As you’ve probably heard or read or sensed from the unexpected (to me) media attention to it (because of many ballplayers wearing his retired number—42—today in commemoration) sixty years ago today Jackie Robinson integrated major league baseball.
As you’ve probably also heard or read, he wasn’t the best player in the Negro League at the time, nor the youngest, nor etc.
What he was, was smart, articulate, strong, tough, determined, and willing to follow Branch Ricky’s directions to not react to the slurs and acrimony and insults and taunts and outright racist garbage thrown at him, literally.
And he was my first real hero.
By “real” I mean outside of movie actors or characters in movies, and outside my family and clan and neighborhood, in what was “the real world” then to me.
I was just turning five when he accomplished the feat that many thought would never happen, and many thought could still be reversed, by intimidating Robinson into quitting, or as a result of his initially less than stellar playing.
But by the time of my birthday, in May of 1947, Robinson was not only holding his own, but taking the Brooklyn Dodgers with him into an unexpected first place position, and no one could any longer deny his prowess nor his heroism as the taunts continued but several of his original enemies in the game started to surrender to the reality that playing with a black man not only didn’t lower the standards of the game, but raised them, and made everyone better as a result, not only as players, but as human beings.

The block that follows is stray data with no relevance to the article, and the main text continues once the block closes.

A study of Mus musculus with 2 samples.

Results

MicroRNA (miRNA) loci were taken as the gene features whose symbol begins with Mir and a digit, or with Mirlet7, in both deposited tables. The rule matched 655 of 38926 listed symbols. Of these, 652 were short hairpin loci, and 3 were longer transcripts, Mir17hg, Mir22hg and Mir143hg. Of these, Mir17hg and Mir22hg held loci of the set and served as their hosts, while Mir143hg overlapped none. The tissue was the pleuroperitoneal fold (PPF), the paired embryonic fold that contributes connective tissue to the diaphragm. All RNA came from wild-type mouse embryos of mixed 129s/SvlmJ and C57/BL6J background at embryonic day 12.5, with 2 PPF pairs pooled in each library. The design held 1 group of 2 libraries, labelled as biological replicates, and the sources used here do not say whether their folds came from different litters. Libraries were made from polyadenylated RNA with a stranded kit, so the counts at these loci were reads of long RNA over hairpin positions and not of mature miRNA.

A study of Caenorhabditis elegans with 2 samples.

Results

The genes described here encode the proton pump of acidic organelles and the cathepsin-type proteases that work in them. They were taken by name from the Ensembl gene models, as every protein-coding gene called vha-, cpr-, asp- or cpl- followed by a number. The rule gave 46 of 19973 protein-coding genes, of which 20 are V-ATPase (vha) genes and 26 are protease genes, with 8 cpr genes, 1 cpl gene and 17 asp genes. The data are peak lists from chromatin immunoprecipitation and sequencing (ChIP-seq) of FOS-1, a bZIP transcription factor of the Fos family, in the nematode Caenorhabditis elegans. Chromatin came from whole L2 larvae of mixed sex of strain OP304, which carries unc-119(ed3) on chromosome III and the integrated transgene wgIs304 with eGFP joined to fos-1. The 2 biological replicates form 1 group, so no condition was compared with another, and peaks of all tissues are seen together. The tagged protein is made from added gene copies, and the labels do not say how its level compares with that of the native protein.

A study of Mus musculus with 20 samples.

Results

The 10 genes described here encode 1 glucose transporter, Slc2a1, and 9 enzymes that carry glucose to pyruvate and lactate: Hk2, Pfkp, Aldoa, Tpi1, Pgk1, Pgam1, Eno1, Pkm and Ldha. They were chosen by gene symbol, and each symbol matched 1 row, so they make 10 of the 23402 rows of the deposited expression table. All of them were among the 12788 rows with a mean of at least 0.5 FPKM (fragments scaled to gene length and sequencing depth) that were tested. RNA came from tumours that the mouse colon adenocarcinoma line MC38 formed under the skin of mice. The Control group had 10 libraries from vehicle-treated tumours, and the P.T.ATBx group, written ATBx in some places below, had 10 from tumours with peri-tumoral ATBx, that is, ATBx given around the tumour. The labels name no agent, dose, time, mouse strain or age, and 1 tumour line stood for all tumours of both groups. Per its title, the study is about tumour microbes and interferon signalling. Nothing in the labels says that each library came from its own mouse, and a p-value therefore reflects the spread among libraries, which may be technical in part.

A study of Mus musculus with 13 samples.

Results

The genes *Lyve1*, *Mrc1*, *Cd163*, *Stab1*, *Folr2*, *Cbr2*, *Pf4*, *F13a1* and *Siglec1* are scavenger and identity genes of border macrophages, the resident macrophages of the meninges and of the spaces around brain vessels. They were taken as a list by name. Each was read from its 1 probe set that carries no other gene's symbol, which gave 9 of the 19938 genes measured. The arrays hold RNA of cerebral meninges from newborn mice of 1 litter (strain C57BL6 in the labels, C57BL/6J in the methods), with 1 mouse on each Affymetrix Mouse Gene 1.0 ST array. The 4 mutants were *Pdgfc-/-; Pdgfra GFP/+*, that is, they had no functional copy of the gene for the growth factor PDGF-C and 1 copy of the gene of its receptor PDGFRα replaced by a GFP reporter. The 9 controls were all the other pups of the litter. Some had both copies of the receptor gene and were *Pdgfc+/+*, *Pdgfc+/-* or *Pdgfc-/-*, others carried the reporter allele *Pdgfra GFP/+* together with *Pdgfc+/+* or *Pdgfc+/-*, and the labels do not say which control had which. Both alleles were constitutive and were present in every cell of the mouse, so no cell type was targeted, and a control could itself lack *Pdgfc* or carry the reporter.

Okay okay I won’t get carried away. I’m just happy to see him getting this attention on the airwaves and elsewhere today.
Because although when the Dodgers left Brooklyn I never cared about baseball in the same way again—only occasionally watching the World Series for the individual drama of stories I’d heard about—and I certainly never loved it the way I did for a few short years as a little boy back in the 1940s, I always, and still do, love Jackie Robinson.
As I wrote in a poem to my father decades ago—called “Sports Heroes, Cops, and Lace” (in the collection CANT BE WRONG)—“…when the kids would do the cruel things/kids can sometimes do, I would think of Jackie Robinson and I/would try to be heroic like him,/and sometimes it worked. Even when they called me a jerk/and a race traitor and all the rest…”
He was my hero as a boy, a young man, and still.
So in answer to Paul Simon’s famous musical question—“Where have you gone Jackie Robinson?”—in my life, Jackie Robinson never left, at least not my heart.